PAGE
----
Although more passengers are flocking to San Francisco International Airport, the plunge in nationwide air travel will cost 100 aircraft mechanics their jobs there.
American Airlines announced last week it will lay off 100 employees at its SFO maintenance facility and 18 workers at its Mineta San Jose International Airport station by next September.
The SFO station also will be downgraded to a Class II facility, meaning the remaining mechanics will do less intensive work on the aircraft there, such as engine washes and overnight maintenance, American spokesman Tim Wagner said. The airline will completely cease live maintenance operations at San Jose, where the company has cut its flying schedule, he said.
SFO has launched a $383 million project to reopen Terminal 2, and its 12-month passenger count, through July, increased by about 2.5 percent from the prior year, according to the U.S. Department of Transportation. About 12 percent of SFO passengers fly American, the airport's second-most popular carrier, behind United Airlines.
By contrast, U.S. air travel overall has dipped 8 percent from a year ago, according to the DOT. American said its national slump caused the layoffs and it also will shrink or shutter airport maintenance facilities in Kansas City, Detroit, Minneapolis-St. Paul and St. Louis. Overall, 700 American mechanics will lose jobs.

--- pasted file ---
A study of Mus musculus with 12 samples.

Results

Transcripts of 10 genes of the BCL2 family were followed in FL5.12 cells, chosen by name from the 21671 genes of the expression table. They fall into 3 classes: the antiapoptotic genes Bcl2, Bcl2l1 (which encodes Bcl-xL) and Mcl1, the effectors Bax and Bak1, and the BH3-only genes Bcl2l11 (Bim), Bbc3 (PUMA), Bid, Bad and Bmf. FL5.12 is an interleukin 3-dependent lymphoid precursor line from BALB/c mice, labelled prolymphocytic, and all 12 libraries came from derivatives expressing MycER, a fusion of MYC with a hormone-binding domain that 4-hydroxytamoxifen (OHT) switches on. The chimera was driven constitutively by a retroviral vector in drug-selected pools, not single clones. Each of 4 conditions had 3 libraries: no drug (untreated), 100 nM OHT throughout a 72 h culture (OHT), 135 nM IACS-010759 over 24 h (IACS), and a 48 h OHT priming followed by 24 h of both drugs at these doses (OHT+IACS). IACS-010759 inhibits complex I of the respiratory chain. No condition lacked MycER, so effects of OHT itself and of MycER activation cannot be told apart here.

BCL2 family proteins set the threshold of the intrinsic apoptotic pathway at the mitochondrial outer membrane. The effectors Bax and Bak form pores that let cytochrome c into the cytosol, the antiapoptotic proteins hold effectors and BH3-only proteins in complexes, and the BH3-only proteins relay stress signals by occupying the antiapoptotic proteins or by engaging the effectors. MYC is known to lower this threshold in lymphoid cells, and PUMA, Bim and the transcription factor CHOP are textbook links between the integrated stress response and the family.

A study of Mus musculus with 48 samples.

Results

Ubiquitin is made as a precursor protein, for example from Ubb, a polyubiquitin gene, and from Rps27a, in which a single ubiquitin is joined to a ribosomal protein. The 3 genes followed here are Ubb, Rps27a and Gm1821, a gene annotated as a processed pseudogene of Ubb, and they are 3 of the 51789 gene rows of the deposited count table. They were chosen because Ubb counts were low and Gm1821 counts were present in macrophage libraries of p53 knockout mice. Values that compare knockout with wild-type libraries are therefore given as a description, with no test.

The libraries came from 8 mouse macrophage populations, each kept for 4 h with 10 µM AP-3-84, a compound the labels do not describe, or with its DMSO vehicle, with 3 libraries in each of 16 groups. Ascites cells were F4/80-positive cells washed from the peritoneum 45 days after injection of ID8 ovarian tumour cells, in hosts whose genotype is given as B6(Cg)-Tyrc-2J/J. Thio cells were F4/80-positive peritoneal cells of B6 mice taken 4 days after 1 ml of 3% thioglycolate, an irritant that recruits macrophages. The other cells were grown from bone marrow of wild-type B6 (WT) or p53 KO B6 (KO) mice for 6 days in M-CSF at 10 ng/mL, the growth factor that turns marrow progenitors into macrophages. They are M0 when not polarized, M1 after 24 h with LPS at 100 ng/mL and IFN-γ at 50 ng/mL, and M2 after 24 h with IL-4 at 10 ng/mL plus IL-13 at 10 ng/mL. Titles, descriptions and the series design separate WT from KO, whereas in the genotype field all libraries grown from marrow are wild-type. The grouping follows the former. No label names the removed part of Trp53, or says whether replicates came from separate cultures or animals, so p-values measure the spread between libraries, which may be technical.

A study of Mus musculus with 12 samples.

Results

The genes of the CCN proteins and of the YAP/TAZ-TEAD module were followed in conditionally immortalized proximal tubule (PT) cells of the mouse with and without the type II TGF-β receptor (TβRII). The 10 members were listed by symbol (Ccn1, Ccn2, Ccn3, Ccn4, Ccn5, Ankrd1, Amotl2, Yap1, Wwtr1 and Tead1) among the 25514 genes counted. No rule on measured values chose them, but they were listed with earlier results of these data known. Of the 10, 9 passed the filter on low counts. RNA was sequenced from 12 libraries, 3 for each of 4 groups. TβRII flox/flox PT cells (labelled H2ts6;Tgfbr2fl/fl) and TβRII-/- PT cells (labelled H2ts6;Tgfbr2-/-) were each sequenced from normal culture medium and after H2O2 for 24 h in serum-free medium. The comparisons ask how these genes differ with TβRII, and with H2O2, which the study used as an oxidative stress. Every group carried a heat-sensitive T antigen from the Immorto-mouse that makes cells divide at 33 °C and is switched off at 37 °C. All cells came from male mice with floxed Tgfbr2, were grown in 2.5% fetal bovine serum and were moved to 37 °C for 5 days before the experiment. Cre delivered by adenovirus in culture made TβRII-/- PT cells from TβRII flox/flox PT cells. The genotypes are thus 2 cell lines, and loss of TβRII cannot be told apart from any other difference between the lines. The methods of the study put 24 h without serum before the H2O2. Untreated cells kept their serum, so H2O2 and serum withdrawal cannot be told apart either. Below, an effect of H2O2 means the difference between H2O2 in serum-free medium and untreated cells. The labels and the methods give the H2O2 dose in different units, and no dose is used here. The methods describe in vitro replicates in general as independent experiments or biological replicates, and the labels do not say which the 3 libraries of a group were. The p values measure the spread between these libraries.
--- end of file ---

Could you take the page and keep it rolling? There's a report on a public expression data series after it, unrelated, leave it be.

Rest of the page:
Carmine Romano, American's senior vice president of maintenance and engineering, said the company has reduced its jet count from about 900 to 600 in recent years and no longer needs as many mechanics.
As a result, local mechanics such as 54-year-old Phillip Pasco, who has worked at the SFO facility for 23 years, could be out of a job.
"I'm very shocked," Pasco said. "I'm too old to be looking for another job.
"I still do my job. My family flies on (American) airplanes."
Aaron Mattox, vice president of the Transport Workers Union, which represents the mechanics, said his group is working with American management to try to relocate some workers to facilities around the country. Wagner said the company will offer employees opportunities to leave early.
Mattox said many of the employees who will lose their jobs came back to American after being laid off in the early part of the decade, when airline travel plummeted in the wake of the Sept. 11, 2001, terror attacks.
"Now they find out it was short-lived, and they're right back out on the street or (will) move somewhere else in the country," Mattox said.
One positive note for the workers may be the extensive notice they were given, said union President John Ruiz. He said typically workers are told of layoffs a month in advance.
Mike Rosenberg covers San Mateo, Burlingame, Belmont and transportation issues. Reach him at 650-348-4324.